It's getting warm! And, if you're like me, you don't own an air conditioner. I live a bit north, where temperatures above 90 don't happen very often.
But, when they do, we can suffer!
Let's take a look at 11 ways I keep cool when the temperature starts to soar.
Open Windows – And Doors
A fresh breeze is one of the best things. It brings cool air and helps remove stagnation. Fans can help bring in the cooler air and keep it moving around.
Fresh air and keeping your windows open are also the best ways to help lower the risk of getting sick from viruses and bacteria.
Lose The Blankets
You don't need to sleep under the blankets, not even a sheet. They trap warm air, which is great in the winter, but not when it's warm.
Choose Cotton Sheets
Some materials breathe or allow air to pass through the fibers. Cotton is one of the best for this. Polyester, silk, and blends tend to retain heat. Thin cotton will help wick away moisture and allow fresh air to reach your skin, if you choose to sleep under the blanket.
Go Naked or In Cotton
If you can, shuck your clothes. That will allow the most amount of air to reach your skin to evaporate sweat off your body. But, if that's not comfortable or doable, choose lightweight cotton pajamas.
You can also choose moisture-wicking cloth, but many people have reported it's uncomfortable to sleep in.
Use A Cool Pack – Buckwheat Beads
Like a hot water bottle in the winter, a cool pack helps keep you cool and feel good. Just make sure it's a cool pack, not a cold pack, otherwise, you're going to have a wet spot in your bed from the condensation.
Buckwheat grain cool packs work, too. These are small pillows filled with buckwheat. When chilled, they retain the lower temperature for longer periods and do not create condensation as plastic does. Buckwheat will mold to your body, so you can use it over a larger area.
Shower Just Before Bed
Washing off the sweat can make you feel cooler. It’s the temperature of the water that has people divided.
Taking a warm shower helps open up the blood vessels in your skin, which helps you release heat from your body. As a result, the air can feel cooler after you get out of the shower. But, some people find that quite uncomfortable.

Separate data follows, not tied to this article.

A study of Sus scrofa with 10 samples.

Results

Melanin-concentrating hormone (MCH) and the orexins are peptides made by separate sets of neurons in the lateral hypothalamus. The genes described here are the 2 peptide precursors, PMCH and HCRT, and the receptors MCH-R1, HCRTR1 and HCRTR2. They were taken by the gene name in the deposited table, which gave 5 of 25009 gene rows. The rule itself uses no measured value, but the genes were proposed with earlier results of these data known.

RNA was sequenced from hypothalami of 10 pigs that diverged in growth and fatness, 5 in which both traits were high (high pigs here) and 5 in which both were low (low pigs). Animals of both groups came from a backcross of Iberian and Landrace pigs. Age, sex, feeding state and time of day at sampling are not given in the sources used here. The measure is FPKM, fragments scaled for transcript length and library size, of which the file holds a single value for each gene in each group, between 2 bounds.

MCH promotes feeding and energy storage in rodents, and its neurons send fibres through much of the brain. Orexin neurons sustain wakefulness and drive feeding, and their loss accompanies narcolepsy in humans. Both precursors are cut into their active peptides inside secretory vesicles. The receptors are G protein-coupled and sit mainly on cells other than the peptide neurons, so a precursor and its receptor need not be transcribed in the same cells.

Most people enjoy taking a cool shower. This lowers your core body temperature quickly, letting you feel cooler to fall asleep. But, that does cause your metabolism to go up a bit, resulting in a higher core body temperature that can make you sweat later on.
Drink More Water During The Day
Water is essential. Sweating is our way of cooling off and you need water for that. Drinking more water means you will sweat more, but you will feel cooler in the long run.
Eat Cooling Foods – Eat Lighter!
In the summertime, our metabolism changes and we don't require food to help generate heat. Foods such as salad, cucumbers, and fruit can fill us up and cool us down.
Avoid heavy meats in the evening, as they can stimulate your digestion and raise your core body temperature. Also, avoid eating too much because it can give you a heavy, dull feeling.
When you drink alcohol, it dilates your blood vessels, making you feel warmer. Although the overall effect does cool your inner body temperature, it's not an effective way to cool off.
Use A Frozen Towel
Take a dry towel, place it in a tight plastic bag and set it in your freezer for an hour before you go to bed. You can lay this towel over yourself to cool off quickly, which can help you get to sleep.
Some places recommend using a damp towel or one that's very lightly sprayed with water. However, we found that just leaves a wet bed, which is more uncomfortable than being warm.
Tie Your Hair Up
Human hair is a beautiful insulator and having a pile of it around your neck and face can make you feel hot. If you have longer hair, braiding it and keeping it up off your neck is an effective way to help keep you cool. Avoid bunching it at your neck, which can cause you to sleep uncomfortably and give you neck pain.
We hope you try some of these tips and stay cool this summer. Of course, we use most of these on warm days to help keep us cool.